Options Action on Bombardier

Jason Ayres
March 14, 2014
4 minutes read

From time to time I like to take a look at the “Most Active Options” ranking on the Montreal Exchange home page. It was no surprise to see that 6 out of the 10 were mining companies this morning. Since Richard Croft already posted and interesting article on this sector the other day entitled Gold, Where’s the Glitter, I decided to take a look at a few of the other stocks.

Bomardier (TSX:BBD.B) trading at $3.90 caught my attention, and upon review of the chart it appears to be a potential bullish opportunity.


BBD.B March 14 2014

With that in mind, I took a look at the option chain to determine just where all of the action was taking place. Today, there was some unusual activity on the April $4.00 strike puts. As I have outlined in previous blogs, it is difficult to determine just what the rationale is behind the increased volume. Knowing if it was an opening transaction, closing transaction, a buy or a sell would help us determine the objectives of the trader.

Since we can’t make that determination, I am going make an assumption that this was an In-The-Money Put Write. The put option is determined to be In-The-Money since the stock is currently below the strike of the put option contract. With the stock currently trading at $3.90, the $4.00 strike, April Put would have an intrinsic value of $0.10. The bid on this option is $0.19.

The question is, why would anyone sell an In-The-Money put? Remember that the put option writer is paid a premium to take on an obligation to buy the shares at the strike price selected. This obligation is only valid if the shares are trading below the strike price and it’s enforceable until the close of the market on the third Friday of the expiration month selected.

In this case, if the investor was looking to generate cash flow, but was ultimately ok with owning the shares at $4.00 if assigned, the put option write would satisfy this objective. If the Bombardier shares are trading above $4.00 at expiration, the investor keeps the premium. This would represent an approximate 1.8% return for the time period or an annualized rate of return of almost 20%.

If the shares remain below the $4.00 strike, the investor would be assigned to take ownership of the shares at $4.00. The premium collected from the put write is the investors to keep. This lowers the average cost base down to $3.81. Once the shares are in the investors account, the Covered Call strategy may be implemented to further enhance returns, in addition a modest 2.6% dividend will be collected.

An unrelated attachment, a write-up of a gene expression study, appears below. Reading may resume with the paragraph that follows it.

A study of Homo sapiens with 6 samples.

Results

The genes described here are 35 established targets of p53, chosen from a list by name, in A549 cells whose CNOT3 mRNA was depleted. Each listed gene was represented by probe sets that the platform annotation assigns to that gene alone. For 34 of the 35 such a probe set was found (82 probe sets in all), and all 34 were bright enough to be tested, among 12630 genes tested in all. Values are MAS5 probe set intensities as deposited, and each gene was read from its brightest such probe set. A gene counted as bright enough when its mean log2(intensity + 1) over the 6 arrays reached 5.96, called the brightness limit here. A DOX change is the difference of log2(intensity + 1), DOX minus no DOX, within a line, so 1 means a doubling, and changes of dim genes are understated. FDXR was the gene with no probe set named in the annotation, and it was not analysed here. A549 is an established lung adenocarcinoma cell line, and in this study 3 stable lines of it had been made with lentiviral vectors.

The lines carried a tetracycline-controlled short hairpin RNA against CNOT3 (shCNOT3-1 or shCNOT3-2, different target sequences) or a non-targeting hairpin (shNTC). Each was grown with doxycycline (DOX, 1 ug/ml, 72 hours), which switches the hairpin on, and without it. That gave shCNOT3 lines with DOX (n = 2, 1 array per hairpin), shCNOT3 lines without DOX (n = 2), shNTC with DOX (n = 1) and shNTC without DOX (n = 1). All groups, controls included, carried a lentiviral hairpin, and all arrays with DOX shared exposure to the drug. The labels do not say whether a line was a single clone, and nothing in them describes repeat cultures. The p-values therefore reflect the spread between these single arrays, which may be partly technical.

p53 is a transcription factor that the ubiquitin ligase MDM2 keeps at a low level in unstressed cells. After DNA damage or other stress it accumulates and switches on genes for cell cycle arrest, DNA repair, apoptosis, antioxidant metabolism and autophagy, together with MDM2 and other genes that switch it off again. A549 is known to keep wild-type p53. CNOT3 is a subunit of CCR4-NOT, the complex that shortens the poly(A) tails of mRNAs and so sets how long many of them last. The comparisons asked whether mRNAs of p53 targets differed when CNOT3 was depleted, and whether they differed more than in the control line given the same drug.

The risk is if the shares have significantly dropped in value. While the average cost base and subsequent break even point have been reduced, the investor can experience unidentifiable losses as the share price drops below their break even point.

Some Considerations

  • The Put Write has the same risk/reward profile as the Covered Call
  • The investor must have sufficient enough capital to meet margin requirements
  • The Put Write strategy is not permissible in RRSP and TFSA accounts
As I mentioned, I am only speculating on the potential objective behind the trade. However, it is a reasonable assumption that an investor focused on generating income, with a bullish outlook on the stock would use the Put Write as an approach to get “paid” to buy shares of a company that they are considering owning.

Jason Ayres
Jason Ayres http://www.croftgroup.com/

CEO and Director of Business Development

R.N. Croft Financial Group

Jason is CEO and Director of Business Development at R N Croft Financial Group, a member of the Croft Investment Review Committee and a Derivative Market Specialist by designation. In addition, he is an educational consultant for Learn-To-Trade.com and an instructor for the TMX Montreal Exchange.